The Rabbi, in Full
It is indeed a privilege and a rare honor to be invited to this Assembly as a special guest, representing the Jewish Faith and the Chief Rabbinate of Israel. I believe this is the first time a Jewish Rabbi is invited to address a plenary session of the Synod of Bishops. We certainly very much appreciate what this gesture implies. There is a long, hard and painful history of the relationship between our people, our faith, and the Catholic Church leadership and followers -- a history of blood and tears. I deeply feel that my standing here before you is very meaningful. It brings with it a signal of hope and a message of love, co-existence, and peace for our generation, and for generations to come.Last month on his trip to France, B16 told the Jewish community of Paris that, "in the eternal covenant of the Almighty," the church "repeats forcefully, through my voice, the words of the great Pope Pius XI, my venerated predecessor: 'Spiritually, we are Semites.'"
Indeed, this continues the approach, initiated by the late Pope John XXIII that reached a climax in the life and work of the late Pope John Paul the II -- during his historic visit to the Holy Land. We see in your invitation to me, to lecture here today, a declaration that you intend to continue this policy and doctrine that refers to us as “Our Older Brothers” and “G-d’s Chosen People," with whom He entered into an everlasting covenant. We deeply appreciate this declaration.
May I add that, personally, my friends, leaders and members of the Catholic community of Saint Edigio introduced me to this new Ecumenical spirit? I have had the privilege of participating regularly in their International Meetings inspired by the spirit of the famous prayer of Asissi. Also, for the past several years, I serve as the co-chairman of the Bilateral Commission of the Chief Rabbinate of Israel and the Holy See that is doing wonderful work.
I thank G-d that has kept us alive to be together and work for a future of peace and co-existence, the world over, Amen....
When we speak of the Holy Scriptures we refer to The Tanach that is composed of the Torah, i.e., the Five Books of Moses, the Nevi’im -- the texts of the Prophets -- and the Ketuvim -- the Additional Holy Writings, the Hagiographa. All of them are the source and inspiration of our prayers and our service of G-d. Every one of us, learned and laity alike, are enjoined to study them, understand them, and cherish them in their heart and mind, and appreciate their perpetual value and relevance to all times.
This description of how central are The Holy Scriptures in our tradition, will certainly not be complete without my describing in some detail how not only the Readings from the Torah, The Prophets and the Writings are a central part of our Service, but further that our prayers are also built around quotations from the Bible.
We pray to G-d using His own words, as related to us in the Scriptures. Likewise, we praise Him -- also using His own words from the Bible. We ask for His mercy -- mentioning what He has promised to our ancestors and to us. Our entire Service is based upon an ancient rule, as related to us by our Rabbis and Teachers: [Hebrew text] -- “Give Him of what is His, because you and yours are His”.
We believe that prayer is the language of the soul in its communion with G-d. We believe sincerely that our soul is His, given to us by Him. Every morning when we awaken, we say, or should I say, pray to Him in words of thanksgiving: “I thank You living and eternal King for giving me back my soul in mercy, great is Your faithfulness”....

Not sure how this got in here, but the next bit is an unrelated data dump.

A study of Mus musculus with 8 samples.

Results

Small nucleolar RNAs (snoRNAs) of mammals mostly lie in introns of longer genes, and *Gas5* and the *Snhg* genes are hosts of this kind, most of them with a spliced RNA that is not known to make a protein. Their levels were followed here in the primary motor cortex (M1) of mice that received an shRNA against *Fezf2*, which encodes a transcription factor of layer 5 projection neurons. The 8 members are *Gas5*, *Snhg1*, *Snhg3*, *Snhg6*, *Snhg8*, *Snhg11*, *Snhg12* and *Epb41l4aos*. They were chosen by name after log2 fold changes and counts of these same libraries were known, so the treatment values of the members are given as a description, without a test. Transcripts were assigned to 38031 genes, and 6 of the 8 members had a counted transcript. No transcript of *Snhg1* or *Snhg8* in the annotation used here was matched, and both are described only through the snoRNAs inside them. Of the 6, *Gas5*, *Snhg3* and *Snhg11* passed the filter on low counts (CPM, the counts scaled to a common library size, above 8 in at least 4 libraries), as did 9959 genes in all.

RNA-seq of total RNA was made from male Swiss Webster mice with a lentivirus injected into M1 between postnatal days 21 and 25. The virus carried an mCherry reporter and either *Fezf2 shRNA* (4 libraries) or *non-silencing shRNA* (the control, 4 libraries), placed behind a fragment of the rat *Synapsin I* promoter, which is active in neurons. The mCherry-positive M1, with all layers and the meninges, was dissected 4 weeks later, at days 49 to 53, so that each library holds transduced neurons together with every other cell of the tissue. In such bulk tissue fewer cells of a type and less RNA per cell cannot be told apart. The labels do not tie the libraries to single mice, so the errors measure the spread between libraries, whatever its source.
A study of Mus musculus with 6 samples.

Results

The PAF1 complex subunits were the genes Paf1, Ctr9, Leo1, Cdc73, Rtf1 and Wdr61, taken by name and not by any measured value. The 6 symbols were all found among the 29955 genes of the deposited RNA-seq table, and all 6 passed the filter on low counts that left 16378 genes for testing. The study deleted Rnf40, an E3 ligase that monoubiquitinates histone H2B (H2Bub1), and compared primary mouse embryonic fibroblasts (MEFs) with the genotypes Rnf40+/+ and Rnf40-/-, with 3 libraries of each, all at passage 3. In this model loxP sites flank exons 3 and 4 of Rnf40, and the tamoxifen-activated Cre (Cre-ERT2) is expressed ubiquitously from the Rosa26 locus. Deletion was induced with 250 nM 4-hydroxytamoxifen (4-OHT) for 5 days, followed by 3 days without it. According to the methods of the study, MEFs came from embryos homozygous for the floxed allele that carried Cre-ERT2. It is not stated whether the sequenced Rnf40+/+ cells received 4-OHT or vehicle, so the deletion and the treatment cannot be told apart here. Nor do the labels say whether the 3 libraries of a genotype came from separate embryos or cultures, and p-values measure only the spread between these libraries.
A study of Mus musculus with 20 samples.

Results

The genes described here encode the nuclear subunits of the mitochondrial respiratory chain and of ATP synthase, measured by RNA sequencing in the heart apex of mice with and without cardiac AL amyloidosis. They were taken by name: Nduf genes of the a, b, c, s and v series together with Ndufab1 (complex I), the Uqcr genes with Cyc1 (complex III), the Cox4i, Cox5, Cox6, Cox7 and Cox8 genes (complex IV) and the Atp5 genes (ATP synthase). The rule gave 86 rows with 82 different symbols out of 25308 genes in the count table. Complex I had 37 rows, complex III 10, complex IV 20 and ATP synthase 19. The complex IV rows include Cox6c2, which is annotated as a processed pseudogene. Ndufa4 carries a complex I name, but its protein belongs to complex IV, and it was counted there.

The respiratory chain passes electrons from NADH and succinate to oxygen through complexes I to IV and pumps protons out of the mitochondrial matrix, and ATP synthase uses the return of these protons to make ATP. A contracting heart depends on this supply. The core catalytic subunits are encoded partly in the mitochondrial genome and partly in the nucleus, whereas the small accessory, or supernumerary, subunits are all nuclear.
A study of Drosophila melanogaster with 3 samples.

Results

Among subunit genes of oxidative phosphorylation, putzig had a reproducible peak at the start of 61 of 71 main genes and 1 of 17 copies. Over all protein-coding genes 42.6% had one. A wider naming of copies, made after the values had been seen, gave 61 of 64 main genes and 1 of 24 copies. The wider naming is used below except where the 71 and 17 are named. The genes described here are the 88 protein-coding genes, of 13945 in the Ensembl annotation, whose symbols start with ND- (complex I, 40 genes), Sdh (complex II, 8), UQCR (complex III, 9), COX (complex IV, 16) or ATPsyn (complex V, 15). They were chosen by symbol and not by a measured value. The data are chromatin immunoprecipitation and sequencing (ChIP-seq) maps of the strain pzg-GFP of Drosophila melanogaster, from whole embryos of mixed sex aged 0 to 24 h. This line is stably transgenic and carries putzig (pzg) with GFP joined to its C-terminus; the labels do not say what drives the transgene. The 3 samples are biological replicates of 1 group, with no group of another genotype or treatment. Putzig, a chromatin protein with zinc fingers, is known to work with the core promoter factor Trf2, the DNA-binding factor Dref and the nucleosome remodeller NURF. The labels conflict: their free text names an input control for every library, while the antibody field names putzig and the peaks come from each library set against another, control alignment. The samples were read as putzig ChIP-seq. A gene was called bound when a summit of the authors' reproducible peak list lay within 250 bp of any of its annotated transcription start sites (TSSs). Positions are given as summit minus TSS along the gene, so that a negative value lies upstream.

I could go on for hours, describing how the Jewish Prayer Book, the Siddur -- that is the Hebrew word for “The Order” -- is built around the Holy Scriptures, without losing the personal and emotional nature of the praying experience, the wonder of praise of the L—d, the joy of thanksgiving, the experience of the feeling of a broken heart -- yearning for forgiveness and atonement.
I should add that not only the Rabbi or the Cantor say the prayers. Every worshipper, each congregant, young and old -- is expected to recite them -- whether reading from the Prayer Book, or knowing them by heart. Thus, the many quotations from the Holy Bible become part of the core personality of he who prays, an integral part of his Heritage.
Every child is taught the Bible from their early childhood. I was taught the Tanach by my own late father, the famous Rabbi -- the Nazir of Jerusalem and learnt it by heart. In every religious school, the teaching of the Bible is a significant part of the compulsory curriculum.
May I add that we, the Rabbis, when we address issues of concern in our Sermons, such as: “The Sanctity of Life”, “Fighting Promiscuity”, “Fighting Secularism”, Promoting the values of Brotherhood and Fraternity, Love and Peace, Equality, and Respect for the “Other and the Different”, we always try to build our address around Biblical quotations, as interpreted by our holy sages, through the generations. Our point of departure stems from the treasures of our Religious Tradition, even while we endeavor to speak in a modern and contemporary language and address present issues. It is amazing to observe how The Holy Scriptures never lose their vitality and relevance to present issues of our time and age. This is the miracle of the everlasting and perpetual “Word of G-d”.
In that light, as our elder brethren begin their most sacred observance -- the day of atonement (and complete 25-hour fast) Yom Kippur -- at sundown tonight, a Gut Yontif to one and all.